In The Know: Celiac Disease
Health Condition Support

In The Know: Celiac Disease

May 12, 2022

Bread, pasta, and cereal are some of the most basic – and many would say bland -- foods in the American diet. But they’re not for people who have celiac disease. May is Celiac Disease Awareness Month, designed to raise awareness and funding for critical research. It’s wise to know about this disease because many Americans are living with it, and many have it -- but don’t know it. 

What is celiac disease?

Celiac disease is a chronic autoimmune condition which damages the small intestine. It’s caused by the body’s reaction to gluten, a protein found in wheat, barley, and rye. When someone with the condition eats gluten, the body overreacts and attacks the lining of the small intestine which causes swelling. Over time this damage makes it difficult for the person to absorb nutrients and it can cause many other ailments. 

How common is it?

More than two million Americans have celiac disease. About another two and a half million  Americans have undiagnosed celiac disease. Worldwide estimates show that about one in 100 people are affected by celiac disease.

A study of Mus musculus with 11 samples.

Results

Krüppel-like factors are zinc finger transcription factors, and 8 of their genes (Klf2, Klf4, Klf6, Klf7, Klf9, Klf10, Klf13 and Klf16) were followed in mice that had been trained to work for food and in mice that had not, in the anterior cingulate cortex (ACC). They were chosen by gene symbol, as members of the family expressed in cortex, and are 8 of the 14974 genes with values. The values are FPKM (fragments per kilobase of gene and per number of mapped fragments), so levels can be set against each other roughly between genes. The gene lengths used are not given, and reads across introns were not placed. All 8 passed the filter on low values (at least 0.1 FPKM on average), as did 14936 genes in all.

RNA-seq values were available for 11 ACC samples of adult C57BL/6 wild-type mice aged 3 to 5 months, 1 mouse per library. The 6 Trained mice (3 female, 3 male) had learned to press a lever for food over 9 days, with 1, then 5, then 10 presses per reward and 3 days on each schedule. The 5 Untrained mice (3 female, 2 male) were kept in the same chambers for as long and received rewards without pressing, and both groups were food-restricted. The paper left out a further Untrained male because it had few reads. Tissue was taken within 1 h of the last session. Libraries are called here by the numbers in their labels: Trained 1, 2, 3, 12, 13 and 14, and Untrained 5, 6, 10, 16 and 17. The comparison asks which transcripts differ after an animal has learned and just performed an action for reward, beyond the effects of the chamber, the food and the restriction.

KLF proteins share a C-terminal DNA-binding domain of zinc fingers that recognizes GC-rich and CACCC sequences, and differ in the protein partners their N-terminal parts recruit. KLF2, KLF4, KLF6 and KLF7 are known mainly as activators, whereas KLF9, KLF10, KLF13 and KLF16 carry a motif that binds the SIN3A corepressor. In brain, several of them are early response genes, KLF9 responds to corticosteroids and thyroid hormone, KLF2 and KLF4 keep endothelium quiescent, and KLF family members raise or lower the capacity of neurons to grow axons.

How do you get celiac disease?

This condition isn’t something you contract or that you can prevent. Celiac disease is genetic, meaning it’s passed down from parents to their children.  

What are the symptoms?

Celiac disease can develop at any age and there are more than 200 symptoms associated with it, so it can be difficult to diagnose. And some people have the disease but no symptoms. Doctors use physical exams, medical histories, blood tests, and genetic tests to diagnose the condition. Some common symptoms include:

  • Chronic abdominal pain, constipation, gas, and diarrhea
  • Weight loss
  • Rashes and sores in the mouth
  • Unexplained anemia
  • Tingling in the legs

Celiac disease is also linked to medical complications that can have serious long-term effects including malnutrition, infertility, and osteoporosis.

How is celiac disease treated?

There are no treatments for celiac disease other than maintaining a strict, gluten-free diet for life. That means not eating any foods with gluten and being careful about “cross contamination,” for instance coming into contact with cutting boards and knives used to cut bread.

For people living with celiac disease, understanding the condition, learning how to avoid gluten, and knowing how to maintain a balanced, gluten-free diet are essential. Mom’s Meals® supports people living with celiac disease and people with gluten sensitivity by offering a full gluten free menu that meets FDA guidelines.